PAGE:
An article in the New York Times last week caught my eye. It described recent actions by the China State Administration for Industry and Commerce (SAIC), which is basically the antitrust arm of the government. Last year, SAIC agents stormed the offices of Microsoft, confiscating computers and other records related to its business strategy in the country. Microsoft was suspected of causing “computer compatibility problems” by not fully disclosing details regarding its operating system and Office applications.
Microsoft is not alone as a target. Qualcomm, Volkswagen and Chrysler also fell afoul of SAIC in 2014. It takes very little internet digging to find other actions taken by the Chinese government in the past few years against US-based companies. Perhaps the most prominent company targeted was Google, who was ordered to assist the Chinese government in censoring the internet.
Google tried to be accommodative without outright censoring, but after five years of adventure, including cyber intrusion into its facilities, in 2010 the company refused to cooperate further. This, of course, means that access to Google is censored—by someone else.
Fortunately the Chinese people were not left without search capability. A home-grown company called Baidu, which already had significant market share was happy to step into the vacuum.
And the Times reports that Dell is now shipping computers to China with a Chinese operating system called NeoKylin.
So why am I telling you this in a chemistry-related blog? Because I think there may be ramifications for chemistry-related industry.
I started doing business in China in 1986, when it was still relatively unusual to be doing so. We were licensing PVC resin technology and I had some responsibility for sales as well as implementation. I learned early on how the deal worked:
You bring the technology and some money, and we’ll bring the site and the market.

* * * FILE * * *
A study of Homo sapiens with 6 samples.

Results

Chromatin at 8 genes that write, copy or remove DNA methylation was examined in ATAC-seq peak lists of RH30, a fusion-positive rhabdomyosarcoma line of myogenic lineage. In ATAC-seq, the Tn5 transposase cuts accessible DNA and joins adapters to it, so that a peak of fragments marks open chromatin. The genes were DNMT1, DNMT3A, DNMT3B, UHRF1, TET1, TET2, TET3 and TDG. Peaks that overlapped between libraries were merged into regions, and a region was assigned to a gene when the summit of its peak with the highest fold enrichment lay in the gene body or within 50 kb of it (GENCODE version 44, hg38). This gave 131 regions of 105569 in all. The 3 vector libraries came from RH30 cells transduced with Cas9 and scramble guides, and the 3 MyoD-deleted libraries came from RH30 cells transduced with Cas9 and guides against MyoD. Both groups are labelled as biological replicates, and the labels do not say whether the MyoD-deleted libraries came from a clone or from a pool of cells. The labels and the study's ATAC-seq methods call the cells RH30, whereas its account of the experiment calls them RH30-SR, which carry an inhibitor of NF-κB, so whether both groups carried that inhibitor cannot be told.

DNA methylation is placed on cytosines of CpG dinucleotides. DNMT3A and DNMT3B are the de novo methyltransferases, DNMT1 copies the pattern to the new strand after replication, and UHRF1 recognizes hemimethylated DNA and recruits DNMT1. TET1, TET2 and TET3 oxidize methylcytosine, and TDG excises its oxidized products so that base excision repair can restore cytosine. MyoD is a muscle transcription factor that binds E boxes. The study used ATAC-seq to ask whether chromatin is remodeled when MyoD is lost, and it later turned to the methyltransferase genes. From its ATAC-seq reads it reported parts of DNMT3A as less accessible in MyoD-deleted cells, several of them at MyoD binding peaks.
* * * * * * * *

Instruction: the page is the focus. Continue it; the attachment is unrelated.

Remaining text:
Then we share.
On one level, a fair trade. On another level, a loss of protection of your technology, and at least in those days, no right to take profits out of the country. This was not just the deal in chemistry, it was the same for everybody, and everybody who was there took the deal.
I also felt the regulatory environment was two-tiered. It seemed to me that the rules on us as a foreign licensor were way more stringent than the rules on our competitors, which were largely government-owned enterprises. Perhaps this is not a bad thing: to this day the foreign joint ventures have a much better safety record than their competition, and spectacular news events bear that out.
What all this speaks to is a strong Chinese government preference for Chinese businesses. That may not be headline news to you, but it does have ramifications, and seems to me to be accelerating. The government of Xi Jinping has, since taking over in 2012, become more assertive militarily and more restrictive socially—including restrictions against foreign non-government organizations. While government purchase preference for indigenous enterprises is no longer the official policy, it was for some time and may well still be an unspoken one. I don’t believe you compete against Chinese companies, I believe you compete against the entire Chinese team.
Ten years ago the driver was the China price. But China’s become a more expensive place—both on a transactional basis and a “total cost of ownership” basis. Many industries that can move are moving. But chemical industries may have large capital or intellectual property investments that don’t move or are difficult to protect and are kind of stuck. If I were in that circumstance, I’d be a little concerned. Speaking as a frog, I think the water’s getting warmer (if that’s not too oblique). In the New York Times article, Robert B. Atkinson, President of the Information Technology and Innovation Foundation, notes “I think the strategy is basically de-U.S.A.”
I don’t know that Atkinson’s statement is totally correct, but it’s hard to argue that the business climate is as welcoming today as it was ten to twenty years ago, and I think it’s an intentional repositioning by the current government. I loved my time in China; my great-grandfather did business there, and my father was stationed there in World War II. I have good friends there, and Chinese have been very kind to me personally. But this isn’t personal. I think China will be a tougher place to work the next few years, and maybe not the safest place to invest. According to Atkinson: “This is about business—that’s all it is.”
That and a strong preference for the home team.
Dr. William F. Carroll, Jr. holds a Ph.D. in Organic Chemistry from Indiana University, Bloomington, IN. He received an M.S. from Tulane University in New Orleans, and a B.A. in chemistry and physics from DePauw University in Greencastle, IN. He holds two patents, and has over sixty-five publications in the fields of organic electrochemistry, polymer chemistry, combustion chemistry, incineration and plastics recycling.
Editor's note: If you're interested in reading more on this topic, check out IndustryWeek's recent article: US Firms Eye China Exit as Conditions Worsen, Survey Says.